Courtesy of Marc Beaudette
"Oxyvision with escape hatches (thanks to Tomma Abts)," acrylic on hemp by Marc Beaudette
Is there a word for forgetting what an empty space looked like as soon as it's filled? Perhaps in German? Whatever that word may be, it would be appropriate to address a new and very large addition to the Fletcher Free Library
: the painting "Oxyvision with escape hatches (thanks to Tomma Abts)" by Reading-based artist Marc Beaudette
"I'd long noticed that huge, vacant gray space at the library. It seemed like a great place for a painting," Beaudette said during a phone interview. Last year, the artist applied for a Vermont Arts Council grant to create a work for the expanse of empty wall. "I didn't get it," he said, "so I got another credit card."
The completed piece was installed on Easter Sunday by a team that included Beaudette, his brother, girlfriend and two library staffers, Tyler Dutile and Dawa Jinpa.
"It was almost a disaster," said Beaudette, admitting that the group struggled to hang the 13.75-by-12-foot, 300-pound painting. Drill malfunction, bent brackets and an impromptu rope-and-pulley system were all part of the drama.
Courtesy of Marc Beaudette
Preparing to hang "Oxyvision"
"I usually work as large as I can," said Beaudette. This impulse towards size — towards a monopoly of space — is a theme central to his work. In his written description of "Oxyvision," Beaudette writes: "Like a hacker, I have sought to reconfigure the monopoly on aesthetics held by power systems, [to] short-circuit and rewire them,using widely supported legitimacy to propel a message from somewhere else. Somewhere much more 'else.'”
Thus contradiction is key to Beaudette, who identifies the painting's phrases "makeshift burden" and "leftover plan" as oxymoronic. The words, he said, are in "place of product title or corporate logo." The painting's hard-edged abstraction and color scheme brings to mind the clunky graphics of emerging computer technology, as well as pre-fab PowerPoint templates.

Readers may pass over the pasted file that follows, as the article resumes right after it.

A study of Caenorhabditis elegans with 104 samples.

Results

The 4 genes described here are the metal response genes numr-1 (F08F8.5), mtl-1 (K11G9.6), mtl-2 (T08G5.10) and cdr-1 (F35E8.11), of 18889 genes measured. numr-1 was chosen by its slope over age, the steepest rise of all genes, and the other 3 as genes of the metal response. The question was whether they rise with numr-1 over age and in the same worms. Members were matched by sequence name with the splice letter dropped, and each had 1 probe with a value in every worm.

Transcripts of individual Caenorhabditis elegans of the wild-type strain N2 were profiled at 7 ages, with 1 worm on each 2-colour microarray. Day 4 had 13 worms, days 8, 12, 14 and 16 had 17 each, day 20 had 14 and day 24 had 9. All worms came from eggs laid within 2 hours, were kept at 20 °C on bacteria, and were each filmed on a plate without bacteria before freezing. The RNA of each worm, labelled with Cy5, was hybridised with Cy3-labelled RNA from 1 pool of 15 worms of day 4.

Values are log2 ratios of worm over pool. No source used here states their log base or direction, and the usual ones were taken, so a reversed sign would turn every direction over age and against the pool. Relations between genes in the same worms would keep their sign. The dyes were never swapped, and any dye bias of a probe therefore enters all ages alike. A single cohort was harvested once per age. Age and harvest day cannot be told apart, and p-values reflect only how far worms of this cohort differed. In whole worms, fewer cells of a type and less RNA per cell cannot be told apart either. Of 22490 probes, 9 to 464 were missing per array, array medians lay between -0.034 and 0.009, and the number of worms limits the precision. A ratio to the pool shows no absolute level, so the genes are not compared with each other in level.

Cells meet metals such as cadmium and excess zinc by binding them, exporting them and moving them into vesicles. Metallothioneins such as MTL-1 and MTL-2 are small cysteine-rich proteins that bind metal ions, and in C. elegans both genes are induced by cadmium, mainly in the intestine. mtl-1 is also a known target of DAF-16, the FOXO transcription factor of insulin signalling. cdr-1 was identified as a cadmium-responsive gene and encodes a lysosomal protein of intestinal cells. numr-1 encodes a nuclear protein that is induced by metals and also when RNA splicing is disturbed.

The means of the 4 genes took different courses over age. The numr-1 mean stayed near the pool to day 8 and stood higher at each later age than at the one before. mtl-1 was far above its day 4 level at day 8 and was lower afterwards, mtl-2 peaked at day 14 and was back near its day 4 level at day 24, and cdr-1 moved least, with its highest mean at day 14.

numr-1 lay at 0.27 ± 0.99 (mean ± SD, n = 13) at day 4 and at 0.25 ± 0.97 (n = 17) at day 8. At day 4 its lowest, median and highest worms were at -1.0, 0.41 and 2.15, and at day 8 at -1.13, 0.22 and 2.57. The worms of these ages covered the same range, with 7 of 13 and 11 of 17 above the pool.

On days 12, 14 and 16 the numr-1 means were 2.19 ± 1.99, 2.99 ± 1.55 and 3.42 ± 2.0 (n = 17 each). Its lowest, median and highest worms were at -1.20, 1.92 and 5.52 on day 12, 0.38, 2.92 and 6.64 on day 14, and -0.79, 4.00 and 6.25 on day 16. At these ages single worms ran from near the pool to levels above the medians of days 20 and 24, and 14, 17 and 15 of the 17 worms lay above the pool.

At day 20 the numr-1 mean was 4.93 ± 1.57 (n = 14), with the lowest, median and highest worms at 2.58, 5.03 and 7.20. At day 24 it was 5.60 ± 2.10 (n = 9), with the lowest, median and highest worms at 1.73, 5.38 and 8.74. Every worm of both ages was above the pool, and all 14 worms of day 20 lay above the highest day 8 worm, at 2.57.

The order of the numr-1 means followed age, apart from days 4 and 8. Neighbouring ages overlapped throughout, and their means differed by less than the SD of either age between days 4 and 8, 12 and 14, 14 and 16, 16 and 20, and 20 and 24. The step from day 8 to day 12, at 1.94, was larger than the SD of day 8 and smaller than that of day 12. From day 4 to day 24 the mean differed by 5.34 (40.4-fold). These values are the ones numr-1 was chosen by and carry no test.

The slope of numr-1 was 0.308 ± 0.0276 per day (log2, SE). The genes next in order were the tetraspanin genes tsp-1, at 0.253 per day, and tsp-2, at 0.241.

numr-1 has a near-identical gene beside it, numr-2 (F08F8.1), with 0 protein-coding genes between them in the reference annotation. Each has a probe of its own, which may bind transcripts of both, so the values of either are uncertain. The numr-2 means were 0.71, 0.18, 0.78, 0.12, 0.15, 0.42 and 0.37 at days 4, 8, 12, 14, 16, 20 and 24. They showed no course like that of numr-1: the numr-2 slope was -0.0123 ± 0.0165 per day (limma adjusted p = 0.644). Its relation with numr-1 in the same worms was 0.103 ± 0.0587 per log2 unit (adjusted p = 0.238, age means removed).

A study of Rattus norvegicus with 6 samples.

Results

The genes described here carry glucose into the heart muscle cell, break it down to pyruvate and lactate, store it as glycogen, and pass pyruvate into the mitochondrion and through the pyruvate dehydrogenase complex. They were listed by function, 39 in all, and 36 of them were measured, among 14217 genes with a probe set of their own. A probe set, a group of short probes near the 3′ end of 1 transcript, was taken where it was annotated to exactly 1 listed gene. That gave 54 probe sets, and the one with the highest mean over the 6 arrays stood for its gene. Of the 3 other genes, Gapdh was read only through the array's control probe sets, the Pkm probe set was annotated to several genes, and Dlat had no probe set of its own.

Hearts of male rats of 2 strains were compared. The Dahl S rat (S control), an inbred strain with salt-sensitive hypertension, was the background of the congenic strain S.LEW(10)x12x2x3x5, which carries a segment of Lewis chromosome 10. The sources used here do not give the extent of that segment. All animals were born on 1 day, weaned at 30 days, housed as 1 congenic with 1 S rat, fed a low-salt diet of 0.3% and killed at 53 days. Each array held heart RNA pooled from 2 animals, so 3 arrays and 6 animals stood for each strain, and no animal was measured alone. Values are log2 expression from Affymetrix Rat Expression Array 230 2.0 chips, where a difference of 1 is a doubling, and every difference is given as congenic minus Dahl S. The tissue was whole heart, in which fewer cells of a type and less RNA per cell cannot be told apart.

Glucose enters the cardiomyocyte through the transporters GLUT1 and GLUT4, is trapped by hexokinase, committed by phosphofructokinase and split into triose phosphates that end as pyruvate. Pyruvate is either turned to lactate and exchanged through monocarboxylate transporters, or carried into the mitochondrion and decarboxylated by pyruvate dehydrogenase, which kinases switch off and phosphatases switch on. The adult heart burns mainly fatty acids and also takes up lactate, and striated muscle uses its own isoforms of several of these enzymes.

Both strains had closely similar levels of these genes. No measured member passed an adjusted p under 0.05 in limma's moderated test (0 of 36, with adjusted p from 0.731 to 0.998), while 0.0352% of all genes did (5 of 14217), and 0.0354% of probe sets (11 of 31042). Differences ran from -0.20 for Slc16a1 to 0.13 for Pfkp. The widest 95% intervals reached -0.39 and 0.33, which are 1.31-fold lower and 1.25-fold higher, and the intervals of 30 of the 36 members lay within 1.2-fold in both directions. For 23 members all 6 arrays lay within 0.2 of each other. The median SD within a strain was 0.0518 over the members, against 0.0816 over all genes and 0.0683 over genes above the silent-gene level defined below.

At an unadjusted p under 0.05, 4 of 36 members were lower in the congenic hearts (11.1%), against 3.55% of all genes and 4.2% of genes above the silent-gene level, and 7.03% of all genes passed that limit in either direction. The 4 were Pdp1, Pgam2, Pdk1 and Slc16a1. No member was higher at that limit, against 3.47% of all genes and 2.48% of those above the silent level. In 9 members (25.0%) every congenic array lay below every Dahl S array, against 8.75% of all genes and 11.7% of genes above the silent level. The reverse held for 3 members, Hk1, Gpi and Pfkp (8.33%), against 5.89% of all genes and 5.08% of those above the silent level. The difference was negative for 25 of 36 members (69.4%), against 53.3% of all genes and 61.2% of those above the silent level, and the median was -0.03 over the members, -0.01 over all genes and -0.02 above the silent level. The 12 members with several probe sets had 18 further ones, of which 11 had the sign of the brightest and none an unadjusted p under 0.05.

Fletcher Free Library interior
Beaudette hopes that his contribution to the Fletcher Free will help spur an annual rotation of large-scale works there. "Oxyvision" will remain on view through next April, when the library will have the option to buy it permanently for $10,000. If somebody else buys it first, Beaudette said, the library will receive a percentage of the sale. If nobody buys it, then the wall may return to blankness: "It'd be a vacuum," he said.
Library director Rubi Simon indicated by phone that she would be open to rotating artwork in the space. She also noted that, in the past year, the Fletcher Free has gotten a bit of a facelift, with new carpet and furnishings. "We’re definitely seeing more artists wanting to come display their work," said Simon. "When you lighten up a space, it’s definitely more appealing."
Whether or not the painting sells or spawns an artist initiative, Beaudette is pleased. "I'm just really grateful that I was given the opportunity to do this," he said. "The library was really cool about it."